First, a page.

Emergency departments around the country are reaching crisis point with patients being treated on trolleys reaching an unprecedented 500 on Wednesday.
Mayo General Hospital’s emergency department is no different with 19 patients on trolleys on Monday, 25 on Tuesday, and 32, out of 500 nationally, on Wednesday, the highest number ever recorded by the Irish Nurses’ and Midwives Organisation trolley watch statistics. This put Mayo General sixth on a list of 30 hospitals surveyed by the INMO. However, there was a reprieve in the situation yesterday with no patients on trolleys at Mayo General at 8am.
Minister for Health and Children Mary Harney previously declared A&E overcrowding a national emergency when INMO trolley watch figures reached 495 in 2006. Mr Hughes said that much of the progress made in recent years has suffered a set back by the combination of factors.
He added the situation in some of the hospitals is intolerable and that the misery being imposed on patients, and the staff trying to care for them, is shameful. The organisation, he said, is receiving, on a daily basis, accounts of very elderly patients waiting very long hours in appalling conditions, sometimes on chairs because there are no trolleys available.
Mr Hughes repeated the INMO’s call this week for a concentrated team approach to expedite discharges of patients for whom it is safe to do so in addition to government action on closed beds and staff shortages.
“The current crisis is likely to continue for the next two to three months unless action is taken now,” Mr Hughes added. “Politicians should pause in their preoccupation with the economic state of the country and address this human rights issue which is now emerging in our emergency departments. No civilised society can stand over the continuation of such cruelty while beds lie empty in some of the hospitals.”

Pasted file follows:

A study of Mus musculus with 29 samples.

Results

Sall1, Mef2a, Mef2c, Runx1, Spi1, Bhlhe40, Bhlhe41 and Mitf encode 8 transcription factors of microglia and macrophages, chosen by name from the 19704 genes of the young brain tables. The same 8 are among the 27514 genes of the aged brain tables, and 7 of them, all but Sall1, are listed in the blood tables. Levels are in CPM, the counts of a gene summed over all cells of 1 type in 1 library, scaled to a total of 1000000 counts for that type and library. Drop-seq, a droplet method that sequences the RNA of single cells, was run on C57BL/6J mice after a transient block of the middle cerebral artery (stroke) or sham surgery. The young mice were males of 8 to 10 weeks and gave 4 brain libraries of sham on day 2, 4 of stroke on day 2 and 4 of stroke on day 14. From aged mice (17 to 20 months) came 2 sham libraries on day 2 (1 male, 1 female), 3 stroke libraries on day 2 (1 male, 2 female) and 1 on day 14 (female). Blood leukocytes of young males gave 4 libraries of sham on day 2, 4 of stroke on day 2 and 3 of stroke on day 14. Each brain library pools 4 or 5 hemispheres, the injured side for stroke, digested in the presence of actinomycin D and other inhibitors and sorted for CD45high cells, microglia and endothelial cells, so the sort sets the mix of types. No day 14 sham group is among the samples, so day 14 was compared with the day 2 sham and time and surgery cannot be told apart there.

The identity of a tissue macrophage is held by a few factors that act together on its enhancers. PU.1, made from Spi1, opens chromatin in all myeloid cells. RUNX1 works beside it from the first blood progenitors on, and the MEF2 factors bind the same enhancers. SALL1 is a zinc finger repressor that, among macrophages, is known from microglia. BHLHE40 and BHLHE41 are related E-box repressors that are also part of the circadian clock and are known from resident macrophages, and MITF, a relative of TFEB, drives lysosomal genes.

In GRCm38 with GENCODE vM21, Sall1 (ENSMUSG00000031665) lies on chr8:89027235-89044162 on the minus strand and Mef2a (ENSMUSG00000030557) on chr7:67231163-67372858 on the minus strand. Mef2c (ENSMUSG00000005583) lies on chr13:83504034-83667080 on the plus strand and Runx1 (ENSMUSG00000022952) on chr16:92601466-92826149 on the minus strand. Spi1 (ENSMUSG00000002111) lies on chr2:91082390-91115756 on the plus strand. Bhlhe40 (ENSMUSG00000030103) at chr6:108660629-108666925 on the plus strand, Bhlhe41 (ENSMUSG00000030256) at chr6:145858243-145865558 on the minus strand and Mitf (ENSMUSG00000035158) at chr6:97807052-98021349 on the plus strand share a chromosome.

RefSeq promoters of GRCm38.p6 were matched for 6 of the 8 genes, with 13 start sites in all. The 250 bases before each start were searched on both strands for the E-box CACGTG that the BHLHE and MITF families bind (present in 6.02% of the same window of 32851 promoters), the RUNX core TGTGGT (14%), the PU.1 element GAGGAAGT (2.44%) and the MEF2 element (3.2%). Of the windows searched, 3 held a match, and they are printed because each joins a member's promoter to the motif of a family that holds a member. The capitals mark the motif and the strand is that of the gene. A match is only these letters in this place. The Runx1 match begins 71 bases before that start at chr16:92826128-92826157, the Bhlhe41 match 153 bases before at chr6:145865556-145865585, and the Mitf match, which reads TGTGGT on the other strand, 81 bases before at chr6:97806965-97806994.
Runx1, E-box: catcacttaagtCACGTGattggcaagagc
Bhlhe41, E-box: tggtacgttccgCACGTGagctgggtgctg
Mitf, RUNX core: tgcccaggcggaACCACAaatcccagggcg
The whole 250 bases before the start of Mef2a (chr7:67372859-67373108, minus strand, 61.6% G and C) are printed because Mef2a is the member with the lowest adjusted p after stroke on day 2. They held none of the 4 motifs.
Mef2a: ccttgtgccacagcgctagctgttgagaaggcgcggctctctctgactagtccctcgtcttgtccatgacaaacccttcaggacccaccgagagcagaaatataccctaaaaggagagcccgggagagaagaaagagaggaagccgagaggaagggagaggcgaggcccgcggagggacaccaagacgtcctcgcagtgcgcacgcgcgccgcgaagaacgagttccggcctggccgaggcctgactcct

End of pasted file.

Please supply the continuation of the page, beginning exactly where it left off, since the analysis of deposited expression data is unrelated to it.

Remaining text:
The hospital issued a statement for the second week in a row advising the public that there was a high number of patients requiring admission to the hospital.
People who are attending the emergency department at Mayo General have been told to expect delays. Otherwise the public is encouraged only to attend the emergency department in the case of real emergencies. The HSE has advised people to contact their GP or GP out-of-hours service in the first instance. Despite the backlog all emergencies continue to be treated at the emergency department.
“Mayo General Hospital regrets that any patient would have to spend longer in our emergency department than they would like,” the statement concluded.
Dave Hughes, deputy general secretary of the INMO, called for government action to re-open closed beds in the hospitals affected by such overcrowding and to allow the HSE employ staff to look after the patients. Unfortunately there are no such beds in Mayo General according to the INMO, so how the situation can be rectified locally remains to be seen.
According to Mr Hughes, joint chair of the HSE’s Accident and Emergency Department Forum, there are four factors working in combination this year to make the current crisis worse than anything which has been experienced in emergency departments in recent years.
“The combination of the worst weather conditions experienced in Ireland for over 40 years, the unprecedented public finance crisis, the legacy of delayed discharge of patients, and the shortage of medical doctors, are all conspiring to worsen what unfortunately has become a regular feature of overcrowding in emergency departments in the busiest acute hospitals,” said Mr Hughes.